The Codes of Federal Regulation for the Americans with Disabilities Act defines "service animal" as "any guide dog, signal dog, or other animal individually trained to do work or perform tasks for the benefit of an individual with a disability, including, but not limited to, guiding individuals with impaired vision, alerting individuals with impaired hearing to intruders or sounds, providing minimal protection or rescue work, pulling a wheelchair, or fetching dropped items."
There are some good organizations that will help with placing a service dog. But there are sometimes long waiting lists and great expense involved. There are approximately 15,000 service dogs across the U.S.
That is why some people, like myself, have trained their own dogs. My standard poodle, Jazzy, does some handy things for me. She picks up anything you drop or that she feels is misplaced - she is quite particular and likes things in order. She will help carry in the groceries, put her toys away, and assist with removing jackets, socks and shoes. Her services are quite handy.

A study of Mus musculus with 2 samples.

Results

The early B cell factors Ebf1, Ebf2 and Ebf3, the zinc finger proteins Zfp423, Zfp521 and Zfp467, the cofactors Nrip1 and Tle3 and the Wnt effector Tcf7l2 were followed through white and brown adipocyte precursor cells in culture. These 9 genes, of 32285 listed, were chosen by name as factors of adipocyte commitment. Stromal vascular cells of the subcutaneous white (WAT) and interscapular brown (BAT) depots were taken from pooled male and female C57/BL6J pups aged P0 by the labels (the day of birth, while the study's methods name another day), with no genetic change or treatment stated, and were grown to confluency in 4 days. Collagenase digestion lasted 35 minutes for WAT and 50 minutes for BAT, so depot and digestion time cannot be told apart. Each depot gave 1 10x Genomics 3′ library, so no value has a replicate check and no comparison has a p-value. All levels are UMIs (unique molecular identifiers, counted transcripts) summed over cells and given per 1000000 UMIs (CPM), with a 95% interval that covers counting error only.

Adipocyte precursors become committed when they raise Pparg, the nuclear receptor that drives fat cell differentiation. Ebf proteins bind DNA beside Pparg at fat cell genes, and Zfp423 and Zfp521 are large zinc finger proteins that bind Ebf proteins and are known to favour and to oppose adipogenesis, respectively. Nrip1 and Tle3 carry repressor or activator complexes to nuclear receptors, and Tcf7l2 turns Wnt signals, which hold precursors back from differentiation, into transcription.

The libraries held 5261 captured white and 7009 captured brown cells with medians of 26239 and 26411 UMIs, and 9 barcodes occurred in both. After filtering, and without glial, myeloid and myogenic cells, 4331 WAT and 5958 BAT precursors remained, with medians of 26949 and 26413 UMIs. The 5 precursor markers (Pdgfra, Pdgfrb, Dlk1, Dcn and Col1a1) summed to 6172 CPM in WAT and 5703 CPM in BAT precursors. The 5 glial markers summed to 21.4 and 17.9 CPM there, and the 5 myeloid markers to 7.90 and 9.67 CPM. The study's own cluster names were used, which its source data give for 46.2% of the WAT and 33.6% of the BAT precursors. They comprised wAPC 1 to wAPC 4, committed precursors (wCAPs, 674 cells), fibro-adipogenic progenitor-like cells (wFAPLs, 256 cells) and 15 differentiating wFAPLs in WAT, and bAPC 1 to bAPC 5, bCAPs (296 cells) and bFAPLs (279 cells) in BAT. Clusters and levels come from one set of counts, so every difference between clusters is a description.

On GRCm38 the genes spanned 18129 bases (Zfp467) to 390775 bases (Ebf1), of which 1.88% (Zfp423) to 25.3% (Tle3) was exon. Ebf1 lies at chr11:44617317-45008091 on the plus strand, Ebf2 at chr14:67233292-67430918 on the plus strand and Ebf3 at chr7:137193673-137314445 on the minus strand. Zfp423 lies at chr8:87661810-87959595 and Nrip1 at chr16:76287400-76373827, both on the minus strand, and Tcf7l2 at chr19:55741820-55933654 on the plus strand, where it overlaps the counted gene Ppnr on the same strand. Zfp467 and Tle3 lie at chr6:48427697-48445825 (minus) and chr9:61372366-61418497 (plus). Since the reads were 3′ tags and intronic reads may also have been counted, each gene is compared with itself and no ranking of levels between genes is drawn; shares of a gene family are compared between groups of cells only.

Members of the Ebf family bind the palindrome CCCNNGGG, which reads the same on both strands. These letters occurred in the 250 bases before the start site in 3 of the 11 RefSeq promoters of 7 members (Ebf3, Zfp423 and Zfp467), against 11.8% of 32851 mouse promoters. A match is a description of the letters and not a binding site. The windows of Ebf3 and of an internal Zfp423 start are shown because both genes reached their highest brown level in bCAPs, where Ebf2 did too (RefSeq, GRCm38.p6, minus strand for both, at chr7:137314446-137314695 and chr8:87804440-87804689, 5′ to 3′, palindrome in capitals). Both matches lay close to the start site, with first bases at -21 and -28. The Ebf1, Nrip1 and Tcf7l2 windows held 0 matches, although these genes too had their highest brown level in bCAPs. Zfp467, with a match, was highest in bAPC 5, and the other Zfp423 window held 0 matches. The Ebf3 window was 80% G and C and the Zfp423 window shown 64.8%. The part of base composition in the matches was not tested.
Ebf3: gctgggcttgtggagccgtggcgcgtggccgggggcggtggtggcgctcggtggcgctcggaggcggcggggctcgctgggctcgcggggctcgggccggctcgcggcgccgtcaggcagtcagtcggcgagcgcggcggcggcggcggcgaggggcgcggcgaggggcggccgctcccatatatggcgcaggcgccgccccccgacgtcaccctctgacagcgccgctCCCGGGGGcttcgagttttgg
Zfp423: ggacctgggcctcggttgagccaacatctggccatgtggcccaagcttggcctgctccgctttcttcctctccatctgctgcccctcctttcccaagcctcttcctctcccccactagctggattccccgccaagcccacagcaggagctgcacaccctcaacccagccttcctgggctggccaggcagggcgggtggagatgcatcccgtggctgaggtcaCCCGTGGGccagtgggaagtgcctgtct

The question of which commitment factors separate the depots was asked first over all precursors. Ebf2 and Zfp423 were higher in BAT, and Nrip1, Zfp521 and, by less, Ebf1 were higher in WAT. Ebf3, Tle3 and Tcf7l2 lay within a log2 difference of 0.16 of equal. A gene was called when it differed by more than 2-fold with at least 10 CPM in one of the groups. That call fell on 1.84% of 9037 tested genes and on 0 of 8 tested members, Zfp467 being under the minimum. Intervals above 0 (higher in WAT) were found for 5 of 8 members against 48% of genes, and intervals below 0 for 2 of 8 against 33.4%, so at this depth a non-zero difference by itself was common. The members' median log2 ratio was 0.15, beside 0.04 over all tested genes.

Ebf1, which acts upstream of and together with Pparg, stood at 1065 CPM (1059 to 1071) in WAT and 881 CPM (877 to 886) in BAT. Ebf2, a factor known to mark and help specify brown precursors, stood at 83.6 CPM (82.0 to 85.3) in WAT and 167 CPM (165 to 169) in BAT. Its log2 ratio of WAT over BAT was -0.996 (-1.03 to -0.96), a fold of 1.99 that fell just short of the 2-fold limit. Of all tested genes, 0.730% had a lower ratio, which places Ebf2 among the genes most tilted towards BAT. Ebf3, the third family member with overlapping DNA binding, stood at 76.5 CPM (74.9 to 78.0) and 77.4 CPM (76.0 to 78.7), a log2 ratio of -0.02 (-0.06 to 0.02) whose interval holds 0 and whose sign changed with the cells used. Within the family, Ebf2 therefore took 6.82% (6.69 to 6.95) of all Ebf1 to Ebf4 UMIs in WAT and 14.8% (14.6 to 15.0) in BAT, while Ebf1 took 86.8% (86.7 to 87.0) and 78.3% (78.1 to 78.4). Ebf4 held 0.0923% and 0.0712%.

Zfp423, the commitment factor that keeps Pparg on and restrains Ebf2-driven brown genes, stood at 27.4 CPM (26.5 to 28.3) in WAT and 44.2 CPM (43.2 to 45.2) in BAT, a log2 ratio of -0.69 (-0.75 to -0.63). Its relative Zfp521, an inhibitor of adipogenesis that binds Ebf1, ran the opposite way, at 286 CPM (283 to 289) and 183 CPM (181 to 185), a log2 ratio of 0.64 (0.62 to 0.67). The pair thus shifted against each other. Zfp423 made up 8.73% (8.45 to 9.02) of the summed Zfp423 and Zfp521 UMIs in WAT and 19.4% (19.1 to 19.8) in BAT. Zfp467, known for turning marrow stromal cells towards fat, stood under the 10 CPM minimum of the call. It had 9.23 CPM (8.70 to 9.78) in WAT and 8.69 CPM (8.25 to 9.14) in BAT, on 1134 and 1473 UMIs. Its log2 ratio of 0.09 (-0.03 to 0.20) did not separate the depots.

Some advantages of training your own dog are:
1 - no waiting
2 - more cost effective
3 - you can train for your specific needs
There are some minimum standards for Service dogs including:
1 - must respond to command 90% of the time.
2 - demonstrate basic obedience
3 - must perform at least 3 tasks to help the client's disability
In the United States there is no special license or certification required. While a business cannot require certification as a condition of allowing a team to enter their facilities, they may ask what the dog has been trained to do and whether it is required because of a disability.
What makes a dog a real service dog is being trained to perform tasks that assist a person with their disability.